From weatherman to late night legend, 'The Late Show With David Letterman' host has come a long way from his Indiana roots
The Late Show With David Letterman on CBS
Every weeknight at 11:30pm, The Late Show with David Letterman airs on CBS. The fiercely popular talk show is an hour long and tapes at the Ed Sullivan Theater in New York City's Times Square. The host, known to fans simply as “Dave,” has been a mainstay in the late night world since the early ‘80s. His house band is called the CBS Orchestra and is led by longtime Letterman bandleader Paul Shaffer. Alan Kalter serves as the show’s announcer.
TV critic Ken Tucker once said that David Letterman is “probably the best talk-show host ever … He feels a real connection to people. You get the sense he knows things about life far beyond showbiz.” It is this “regular guy” persona that he has always projected that’s helped earn Letterman his many fans, constant critical accolades, everything from the George Foster Peabody Award to the People’s Choice Award, and a prominent spot in the pantheon of great and beloved television personalities.
David Letterman was born in Indiana in 1947. He got his start as a weatherman in Indianapolis, where his sense of humor soon began to shine. (Letterman famously got himself a lot of attention when he congratulated a tropical storm for being upgraded to a hurricane.) Subsequently Letterman had jobs as a TV announcer and a radio show host. He began pursuing comedy in earnest by working as a stand-up comic, then going on to write for television, as well as appearing on several TV variety and game shows. The increased exposure led to appearances on The Tonight Show with Johnny Carson, and soon enough Letterman had earned status as "permanent guest host".
From Guest To Host
Given his success with The Tonight Show audience, NBC awarded the young comedian with his own show in 1980, but The David Letterman Show quickly tanked. Fortunately, the peacock network didn't give up on him, and two years later Late Night with David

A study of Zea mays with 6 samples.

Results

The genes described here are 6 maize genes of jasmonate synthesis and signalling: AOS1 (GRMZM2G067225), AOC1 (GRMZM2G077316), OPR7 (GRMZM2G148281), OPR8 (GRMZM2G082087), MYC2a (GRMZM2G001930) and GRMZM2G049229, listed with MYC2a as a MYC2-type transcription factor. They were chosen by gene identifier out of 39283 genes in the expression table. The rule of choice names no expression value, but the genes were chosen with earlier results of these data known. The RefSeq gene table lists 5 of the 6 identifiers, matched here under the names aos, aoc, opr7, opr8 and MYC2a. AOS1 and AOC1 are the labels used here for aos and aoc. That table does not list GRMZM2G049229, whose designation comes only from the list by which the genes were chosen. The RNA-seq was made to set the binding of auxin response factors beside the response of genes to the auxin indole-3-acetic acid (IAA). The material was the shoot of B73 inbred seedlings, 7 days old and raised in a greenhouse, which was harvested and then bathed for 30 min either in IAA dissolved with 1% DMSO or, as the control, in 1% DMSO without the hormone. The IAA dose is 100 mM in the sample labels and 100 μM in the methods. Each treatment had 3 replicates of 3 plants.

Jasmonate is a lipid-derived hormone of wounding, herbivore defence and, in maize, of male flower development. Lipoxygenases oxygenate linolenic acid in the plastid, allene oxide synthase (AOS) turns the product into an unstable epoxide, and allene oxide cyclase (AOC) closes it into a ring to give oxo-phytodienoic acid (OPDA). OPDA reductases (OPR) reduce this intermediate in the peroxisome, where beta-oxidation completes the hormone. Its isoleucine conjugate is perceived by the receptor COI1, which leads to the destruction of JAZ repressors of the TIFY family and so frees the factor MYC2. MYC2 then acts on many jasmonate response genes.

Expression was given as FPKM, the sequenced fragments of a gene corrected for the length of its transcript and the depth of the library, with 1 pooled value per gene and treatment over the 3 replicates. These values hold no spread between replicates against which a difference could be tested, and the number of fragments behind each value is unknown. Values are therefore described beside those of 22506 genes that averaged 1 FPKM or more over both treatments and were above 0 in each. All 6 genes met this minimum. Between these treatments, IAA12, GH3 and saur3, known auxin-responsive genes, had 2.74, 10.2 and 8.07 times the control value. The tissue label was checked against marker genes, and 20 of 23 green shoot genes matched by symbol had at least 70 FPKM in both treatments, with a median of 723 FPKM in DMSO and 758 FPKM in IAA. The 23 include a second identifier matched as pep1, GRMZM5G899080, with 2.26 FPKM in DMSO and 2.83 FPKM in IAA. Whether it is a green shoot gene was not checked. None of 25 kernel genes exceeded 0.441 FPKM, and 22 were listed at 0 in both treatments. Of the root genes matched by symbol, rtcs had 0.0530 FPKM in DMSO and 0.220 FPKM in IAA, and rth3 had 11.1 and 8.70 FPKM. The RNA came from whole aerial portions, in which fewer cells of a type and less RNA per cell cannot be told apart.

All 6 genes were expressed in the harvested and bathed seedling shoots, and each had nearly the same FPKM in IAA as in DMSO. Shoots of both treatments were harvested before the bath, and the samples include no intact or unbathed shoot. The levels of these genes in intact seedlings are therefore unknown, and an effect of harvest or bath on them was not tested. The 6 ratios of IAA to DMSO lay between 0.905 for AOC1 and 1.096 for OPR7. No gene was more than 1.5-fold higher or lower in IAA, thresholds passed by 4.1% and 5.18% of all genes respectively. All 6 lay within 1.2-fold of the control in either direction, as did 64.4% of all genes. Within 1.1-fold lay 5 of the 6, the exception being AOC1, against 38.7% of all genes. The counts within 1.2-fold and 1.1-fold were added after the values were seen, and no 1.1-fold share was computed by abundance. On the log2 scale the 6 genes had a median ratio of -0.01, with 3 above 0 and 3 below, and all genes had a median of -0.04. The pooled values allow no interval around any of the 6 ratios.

Letterman was born.
With the multiple Emmy Award-winning Late Night, Letterman literally reinvented the talk show. An edgy alternative to the traditional Johnny Carson, Letterman's sense of humor was at once wry, playful, and absurd. His interview style had a different tone, but it was in the opening segment of the show that Letterman truly distinguished himself. His monologue was more biting and political, and he incorporated bizarre and creative segments like the infamous "Stupid Pet Tricks" and the Top Ten List.
At his side from the very beginning has been bandleader Paul Shaffer, who often participates in the mayhem, occasionally even writing silly little ditties to accompany the host's strange gags. With his unconventional approach to the talk show format, Letterman paved the way for other intelligent goofballs, most notably Conan O'Brien.
Late Night Wars
After 10 years of building up a solid fan base (a large portion of them college students) and redefining the late night talk show, Letterman found himself in the midst of what became known as the “Late Night Wars” when in 1992 Tonight Show legend Johnny Carson announced his imminent retirement. Everyone, Dave included, expected he was the natural choice to take over The Tonight Show, but NBC wanted to keep Letterman in his high-rated 12:30 spot and instead give Carson’s job to frequent Tonight Show guest host Jay Leno.
But Letterman was having none of it, and months of speculation and negotiations ensued (inspiring numerous articles, a book, and even a TV movie about the controversy). When all was said and done, Jay Leno got the prime seat, a relatively unknown comedy writer named Conan O'Brien took over Late Night, and Dave negotiated a blockbuster deal with CBS that got him his own slot against the show he had once hoped to helm.
The Late Show
The Late Show with David Letterman debuted on CBS on August 30, 1993. There were a few challenges at the beginning, with NBC trying to claim intellectual property ownership of such favorite Letterman bits as “Viewer Mail” and characters like Larry “Bud” Melman (aka Calvert DeForest), but Dave immediately took to his new home at the Ed Sullivan Theater. He quickly established a rapport with the neighborhood, making nearby Hello Deli proprietor Rupert Jee and gift shop owners Sirajul and Mujibar regulars on the program. The Late Show received lots of critical acclaim and, for its first couple years, the program consistently won the ratings battle against The Tonight Show.
Nowadays, the more affable Jay Leno dominates the ratings, but with the Late Show, David Letterman’s very unique brand of comedy has won him loyal viewers and several Emmys. Dave is known for his unpredictability, being sarcastic and prickly one moment, then warm and generous the next. He brings an intelligence and genuine curiosity to his interviews, and has frequent bouts of silliness that he displays in little actions like adjusting his tie and flipping pencils at the camera. One thing that Dave Letterman fans can always count on is his spontaneity.
With thousands of episodes under his belt, we can expect to see David Letterman on the late night scene for years to come. After over 30 years in the late night business, Dave is finally earning the right to be considered the equal to his idol Johnny Carson.